Ninety percent of graduates from Beatitude House’s robustly holistic transitional housing program do not return to homelessness.
Holistic Approach Proves Effective at Beatitude House
Beatitude House, the only extensively comprehensive transitional housing facility for women and children experiencing homelessness with three facilities in Mahoning, Trumbull, and Ashtabula counties, was founded in 1991 upon Sister Margaret Sheetz’ vision to enable such women to further their education and achieve permanent housing. Beatitude House follows a holistic approach that seeks to address the multiple barriers faced by homeless families.
During their stay at Beatitude House (which varies in length depending on the family’s individual needs), women and children enjoy a safe, supportive loving environment that helps them gain stability and focus on their long-term goals. Program participants attend weekly group and individual counseling sessions with on-site counselors, where they work on goal setting and self-esteem building. They develop career/workplace and education paths, often working towards their GED’s or post-secondary education. Education is a key component of helping families to move forward and regain independence and strength, reports Casey Bertolette, Development Director for Beatitude House.
In the transitional housing program Beatitude House also offers an on-site case manager who assists participants in dealing with problems such as debt reduction, health concerns, childcare, and filling out forms for school and other agencies. With this intensive support, women at Beatitude House have been able to achieve numerous milestones, including completing their education, securing driver’s licenses, reducing their debt, and acquiring reliable transportation. An average of 90 percent of those that complete Beatitude’s transitional housing program have not returned to homelessness.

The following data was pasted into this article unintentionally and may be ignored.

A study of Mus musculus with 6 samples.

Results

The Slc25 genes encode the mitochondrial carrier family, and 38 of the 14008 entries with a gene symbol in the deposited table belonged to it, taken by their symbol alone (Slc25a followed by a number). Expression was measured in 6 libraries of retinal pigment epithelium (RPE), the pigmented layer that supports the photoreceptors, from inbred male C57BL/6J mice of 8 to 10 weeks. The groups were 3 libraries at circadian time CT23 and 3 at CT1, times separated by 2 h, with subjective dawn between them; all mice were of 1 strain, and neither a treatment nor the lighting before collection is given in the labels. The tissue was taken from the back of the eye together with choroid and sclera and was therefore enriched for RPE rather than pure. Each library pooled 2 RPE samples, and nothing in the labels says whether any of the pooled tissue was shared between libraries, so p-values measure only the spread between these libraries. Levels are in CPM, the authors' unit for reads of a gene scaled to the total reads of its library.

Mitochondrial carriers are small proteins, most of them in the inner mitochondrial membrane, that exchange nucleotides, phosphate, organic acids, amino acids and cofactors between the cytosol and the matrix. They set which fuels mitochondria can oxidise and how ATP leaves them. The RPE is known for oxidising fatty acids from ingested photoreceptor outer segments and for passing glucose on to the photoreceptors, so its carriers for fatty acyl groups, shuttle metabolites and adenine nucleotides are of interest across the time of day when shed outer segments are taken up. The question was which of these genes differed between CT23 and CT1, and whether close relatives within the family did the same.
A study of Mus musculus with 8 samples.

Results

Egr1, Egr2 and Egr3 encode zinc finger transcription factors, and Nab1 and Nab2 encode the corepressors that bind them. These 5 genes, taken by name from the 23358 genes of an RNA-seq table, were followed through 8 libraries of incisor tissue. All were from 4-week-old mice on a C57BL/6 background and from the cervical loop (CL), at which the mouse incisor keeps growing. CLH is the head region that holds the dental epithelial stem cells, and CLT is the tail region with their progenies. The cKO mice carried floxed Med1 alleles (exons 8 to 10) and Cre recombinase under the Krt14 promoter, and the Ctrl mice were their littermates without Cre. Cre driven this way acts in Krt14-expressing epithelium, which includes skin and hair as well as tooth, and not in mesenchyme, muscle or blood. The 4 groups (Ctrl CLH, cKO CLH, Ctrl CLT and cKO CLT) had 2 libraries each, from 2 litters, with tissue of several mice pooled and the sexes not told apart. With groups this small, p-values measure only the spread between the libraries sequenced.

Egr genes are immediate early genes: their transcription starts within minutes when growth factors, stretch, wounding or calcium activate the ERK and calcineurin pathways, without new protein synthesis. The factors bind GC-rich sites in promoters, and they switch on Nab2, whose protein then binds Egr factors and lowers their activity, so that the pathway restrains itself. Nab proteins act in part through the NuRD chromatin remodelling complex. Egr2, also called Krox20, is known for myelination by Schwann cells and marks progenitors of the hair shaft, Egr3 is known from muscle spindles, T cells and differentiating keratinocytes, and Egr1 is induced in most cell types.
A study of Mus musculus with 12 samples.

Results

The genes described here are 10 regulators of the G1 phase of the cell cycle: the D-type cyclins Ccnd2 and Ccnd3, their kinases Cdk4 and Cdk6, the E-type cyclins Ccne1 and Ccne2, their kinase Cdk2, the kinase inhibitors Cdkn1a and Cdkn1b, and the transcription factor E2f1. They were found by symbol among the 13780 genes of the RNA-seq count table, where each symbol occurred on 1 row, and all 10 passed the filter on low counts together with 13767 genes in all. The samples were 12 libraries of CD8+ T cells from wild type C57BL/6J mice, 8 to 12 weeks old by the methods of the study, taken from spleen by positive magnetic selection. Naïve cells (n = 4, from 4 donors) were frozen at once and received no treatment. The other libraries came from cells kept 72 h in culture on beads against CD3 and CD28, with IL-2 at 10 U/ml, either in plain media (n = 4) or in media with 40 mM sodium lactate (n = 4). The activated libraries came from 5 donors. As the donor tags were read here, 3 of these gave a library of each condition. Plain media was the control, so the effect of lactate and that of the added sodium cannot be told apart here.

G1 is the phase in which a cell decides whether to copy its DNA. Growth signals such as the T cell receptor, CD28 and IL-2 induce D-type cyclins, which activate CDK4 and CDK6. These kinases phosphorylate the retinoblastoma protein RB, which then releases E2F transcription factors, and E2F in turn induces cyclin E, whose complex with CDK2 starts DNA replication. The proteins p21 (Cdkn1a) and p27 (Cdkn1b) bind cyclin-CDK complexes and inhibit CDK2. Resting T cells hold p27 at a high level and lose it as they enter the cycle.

One transitional housing graduate, Beth (name has been changed to protect privacy), who came to Beatitude House with three children after leaving her abusive husband, finds it difficult to point to just one key thing that the ministry helped her with. Instead, she emphasizes the holistic model. “It’s not just one thing,” she says. “Everything at Beatitude House played an important part.”
The ministry serves the women’s children as well. To respond to their special needs, Beatitude House employs full-time child advocates. These advocates promote the healthy development of each child in residence by providing parenting classes on numerous topics (child development, family structure, discipline and behavior, health and safety, and education and enrichment) as well as general support and crisis intervention for their mothers. In addition, the kids at Beatitude House participate in a variety of enrichment activities including art classes, music lessons, summer camp, and sports.
Since inception, Beatitude House has served approximately 3,500 thousand women and children. Its creativity and commitment to holistic care has been seen in its evolution over the years into such initiatives as permanent supportive housing for homeless women with disabilities and its earned income venture, “Green Clean,” a worker-owned cleaning service. At Green Clean, women in the transitional housing program can gain on-the-job work experience and skills.
Although its founder died in 2001, Beatitude House continues Sister Margaret’s legacy by helping women and children break the cycle of poverty and violence and build lives of stability and hope.